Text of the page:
It’s mid-afternoon at Edinburgh’s Sheraton Grand Hotel and Polly Purvis is taking a short breather. In the next room, chief technology officers as well as key figures from the private and public sectors are touring exhibitors at the annual ScotSoft conference.
“I think predominately very buoyant,” says the head of trade body ScotlandIS on the current mood within the digital tech industry. “Lots of companies are doing really well. We’ve seen year-on-year growth across the industry over the last five years of 10 per cent per annum so that’s really positive.
“I think there is a lot more ambition and I think that internationally famous companies like Skyscanner and FanDuel are really putting Scotland on the map. There is a real buzz around the tech sector in Scotland at the moment.”
Skyscanner, Scotland’s first $1bn web company, and Edinburgh-founded fantasy sports site FanDuel, which this summer reportedly joined the billion-dollar tech start-up scene with the closure of a $275m funding round, are of course at one end of a spectrum. Other promising players are in the pipeline, though Purvis acknowledges there are two key areas where attentions ought to be focused.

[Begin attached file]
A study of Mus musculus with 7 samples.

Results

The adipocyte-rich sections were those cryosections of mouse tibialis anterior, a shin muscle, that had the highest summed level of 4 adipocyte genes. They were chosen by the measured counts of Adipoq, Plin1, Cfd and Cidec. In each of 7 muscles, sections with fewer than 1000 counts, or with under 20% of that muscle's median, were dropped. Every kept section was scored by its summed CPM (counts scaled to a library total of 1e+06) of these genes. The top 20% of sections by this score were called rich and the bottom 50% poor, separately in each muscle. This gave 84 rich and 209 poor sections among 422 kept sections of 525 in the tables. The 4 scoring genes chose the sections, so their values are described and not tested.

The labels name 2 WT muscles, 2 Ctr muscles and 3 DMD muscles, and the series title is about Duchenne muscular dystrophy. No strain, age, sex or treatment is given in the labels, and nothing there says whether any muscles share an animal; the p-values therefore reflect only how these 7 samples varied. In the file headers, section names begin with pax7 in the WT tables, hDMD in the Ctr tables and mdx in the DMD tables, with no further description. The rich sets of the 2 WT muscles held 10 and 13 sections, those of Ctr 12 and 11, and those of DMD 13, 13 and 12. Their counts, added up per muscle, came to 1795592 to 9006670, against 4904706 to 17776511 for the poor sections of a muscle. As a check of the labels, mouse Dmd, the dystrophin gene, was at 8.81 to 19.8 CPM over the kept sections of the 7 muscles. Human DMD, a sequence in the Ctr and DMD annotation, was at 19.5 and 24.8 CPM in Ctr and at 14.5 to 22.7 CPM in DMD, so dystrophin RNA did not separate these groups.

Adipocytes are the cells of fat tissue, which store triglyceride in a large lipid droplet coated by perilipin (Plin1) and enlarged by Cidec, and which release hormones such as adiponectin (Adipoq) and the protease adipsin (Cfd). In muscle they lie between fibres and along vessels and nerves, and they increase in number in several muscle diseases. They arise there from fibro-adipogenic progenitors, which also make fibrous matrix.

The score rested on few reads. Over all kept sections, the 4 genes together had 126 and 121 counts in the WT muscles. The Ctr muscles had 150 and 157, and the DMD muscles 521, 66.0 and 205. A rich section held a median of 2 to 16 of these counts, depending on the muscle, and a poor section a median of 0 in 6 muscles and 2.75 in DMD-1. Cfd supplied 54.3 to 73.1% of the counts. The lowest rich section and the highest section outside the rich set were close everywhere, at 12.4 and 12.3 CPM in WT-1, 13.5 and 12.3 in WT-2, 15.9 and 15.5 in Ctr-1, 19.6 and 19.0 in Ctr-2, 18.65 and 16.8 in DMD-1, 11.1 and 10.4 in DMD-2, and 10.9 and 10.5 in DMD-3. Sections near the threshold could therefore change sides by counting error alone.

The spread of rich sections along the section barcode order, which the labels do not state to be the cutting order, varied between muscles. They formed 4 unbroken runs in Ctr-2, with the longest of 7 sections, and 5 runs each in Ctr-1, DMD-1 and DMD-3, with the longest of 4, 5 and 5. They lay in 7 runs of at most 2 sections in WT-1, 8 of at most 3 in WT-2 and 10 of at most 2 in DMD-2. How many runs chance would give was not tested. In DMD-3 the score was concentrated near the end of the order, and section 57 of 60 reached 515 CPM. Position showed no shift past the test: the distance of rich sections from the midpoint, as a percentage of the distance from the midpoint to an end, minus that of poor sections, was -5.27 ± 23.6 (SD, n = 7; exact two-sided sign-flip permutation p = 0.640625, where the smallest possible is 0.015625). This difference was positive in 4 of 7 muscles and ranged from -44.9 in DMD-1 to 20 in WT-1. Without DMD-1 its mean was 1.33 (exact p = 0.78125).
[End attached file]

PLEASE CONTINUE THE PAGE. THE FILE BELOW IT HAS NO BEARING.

“We need to be thinking global, much more from the point companies start out,” she tells Connect. “I think a lot of the newer companies coming through do have that more international view of their market – they’re not building just for the local market, they are building for an international market, so I think that’s very positive.
“And we are seeing a whole range of companies already in the export sector beginning to open up new markets [and] people who haven’t been exporting beginning to open up export markets. I think people recognise that there are huge opportunities there, but it’s also very challenging to do and lots of companies have their fingers burned trying to move into new geographies and found it more difficult than anticipated.
“It’s not necessarily desperately easy but I think it is where we need to move; to selling our products and services not just in the UK but overseas. The UK has been a very buoyant IT market for a very long time, but actually there are bigger opportunities out there if you can get out into international markets.”